Blue Water Navy Vietnam Veterans WIN the Agent Orange Exposure Presumption!
There will be a lot more to follow in the coming days/weeks while I unpack all the great information in this opinion.
But, Bottom Line Up Front: if you are a Blue Water Navy Vietnam Veteran, you are now presumed exposed to Agent Orange (unless the government appeals to the US Supreme Court).
Watch this video to learn the details, and what you should considering doing RIGHT NOW if you are a Blue Water Navy Vietnam Veteran.
Congratulations to Commander John Wells at the Blue Water Navy Vietnam Veterans organization, for shepherding this appeal from the BVA to the Circuit, and winning this long fought for benefit for Blue Water Navy Vietnam Veterans!!
Blue Water Navy Agent Orange Update 2018: Reopening the Door to a Legal Presumption.
In 2018, the plot thickened for veterans who have fought to extend a legal presumption to veterans with Blue Water Navy Agent Orange exposure claims. The big news for those Vietnam era Blue Water Navy Vet has been the movement on the presumption of Agent Orange exposure.
Let’s bring you up to speed on the Blue Water Navy Agent Orange debacle.
First, veterans who served in the Blue Water Navy started experiencing certain illnesses and diseases at a higher rate than ground troops in Vietnam during the war. Then, in 1991, Congress passed the Agent Orange Act.
This statutes was intended to be a burden shifting statute, replacing the burden of Vietnam veterans to prove exposure to Agent Orange with a legal presumption. It was not intended to be a “risk of exposure statute” that gave the presumption of exposure to Agent Orange once enough veterans proved they were exposed to it and injured by it.
Nevertheless, after several years of extended the presumption of Agent Orange exposure to all veterans that served in the Vietnam war, the VA arbitrarily decided to limit the presumption to veterans that showed “Boots on the Ground” on the landmass of Vietnam.
Veterans challenged them in Court, and the Federal Circuit issued the now famous Haas decision – agreeing to limit the Congressional presumption of exposure to a veteran who could prove he put the tiniest tip of his toe on the landmass of Vietnam.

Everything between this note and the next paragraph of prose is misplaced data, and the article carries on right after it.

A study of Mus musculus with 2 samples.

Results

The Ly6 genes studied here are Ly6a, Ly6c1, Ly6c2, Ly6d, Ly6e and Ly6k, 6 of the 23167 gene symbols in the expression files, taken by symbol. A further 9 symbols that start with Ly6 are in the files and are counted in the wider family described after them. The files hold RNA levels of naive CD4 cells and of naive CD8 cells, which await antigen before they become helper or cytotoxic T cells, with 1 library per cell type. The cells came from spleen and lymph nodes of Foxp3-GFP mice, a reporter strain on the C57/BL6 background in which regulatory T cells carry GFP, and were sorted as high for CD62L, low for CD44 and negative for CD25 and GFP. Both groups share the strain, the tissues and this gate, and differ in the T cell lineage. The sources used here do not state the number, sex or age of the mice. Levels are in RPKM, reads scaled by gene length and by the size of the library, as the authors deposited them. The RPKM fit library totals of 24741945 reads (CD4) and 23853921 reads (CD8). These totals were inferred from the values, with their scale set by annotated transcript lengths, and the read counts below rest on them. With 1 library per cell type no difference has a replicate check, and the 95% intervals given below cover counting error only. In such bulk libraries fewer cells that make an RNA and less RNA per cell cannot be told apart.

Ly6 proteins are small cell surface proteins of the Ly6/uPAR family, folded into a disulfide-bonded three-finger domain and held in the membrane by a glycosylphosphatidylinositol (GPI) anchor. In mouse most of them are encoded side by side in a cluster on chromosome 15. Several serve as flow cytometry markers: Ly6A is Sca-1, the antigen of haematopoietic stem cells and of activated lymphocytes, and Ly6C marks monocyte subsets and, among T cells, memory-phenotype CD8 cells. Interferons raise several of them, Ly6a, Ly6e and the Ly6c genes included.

After Haas, Blue Water Navy Agent Orange exposure claims no longer benefitted from the presumption of Agent Orange exposure. Those veterans now had to prove actual exposure to Agent Orange – the exact opposite of Congress’s intent in the Agent Orange Act in 1991. The impossibility of that task has been mind-numbing. The VA and the rest of the federal government actively work to hide any evidence of when, where and how widespread the military’s use of Agent Orange was around the world during the 1960s and 1970s.
But, for years, that has been the law – a law that many veterans, advocates and Congressional representatives felt was wrong and cut against what Congress wanted.
That brings us to 2018. Two major events have developed in the Blue Water Navy Vet Agent Orange debacle:
- Legislation designed to make it clear that the Agent Orange exposure presumption extended to Blue Water Navy Vets.
- A case challenging the Federal Circuit’s decision in Haas v. Peake, began to work its way up the appellate system.
Almost a full year has passed, and here is what know.
The legislation clarifying that the presumption of Agent Orange exposure extends to Blue Water Navy Veterans is dead in the water, no pun intended. The House of Representatives – despite being the most polarized and paralyzed in our nation’s history – unanimously passed the bill.
The U.S. Senate – after heavy lobbying by the VA Secretary – killed it. Special thanks to Senators Lee (Utah) and Enzi (Wyoming) for killing the bill – they blame it on the cost. They claim not to have been able to pay for the $2 Billion estimated price tag. Interestingly, the F-35 fighter that has consumed $1.5 trillion dollars of taxpayer resources – and which conveniently calls Utah home – didn’t seem to be subject to the same scrutiny. Another example of Senators waving the flag and putting veterans on pedestals when it benefits them, but not lifting a finger to treat the wounds our brothers and sisters support in battle.
The VA Secretary lobbied against the bill. I think that says it all. If the veteran community was as organized as we were in 2013 – 2014, (or if the administration cared about veterans enough to listen to us) that would have been the end of Mr. Wilkie as the Secretary.
That leaves the court case as the last chance to set the law straight. I’ve written extensively about the Procopio case on my law firm’s blog training lawyers about veterans law so I won’t repeat it all here.
I am optimistic about Procopio reversing Haas. But, there is an equal chance that it will not. We just need to wait and see.
In the meantime, the BVA has stayed all appeals for Blue Water Navy Veterans with Agent Orange claims.
Not sure that was legal, but hey, has that ever stopped the BVA?
Time will tell. If you know a veteran who served in the Blue Water Navy during the Vietnam War, let them know to keep an eye on this lawsuit.
I don’t know that it will happen before the New Year, so stay tuned for the 2019 Blue Water Navy Agent Orange exposure update.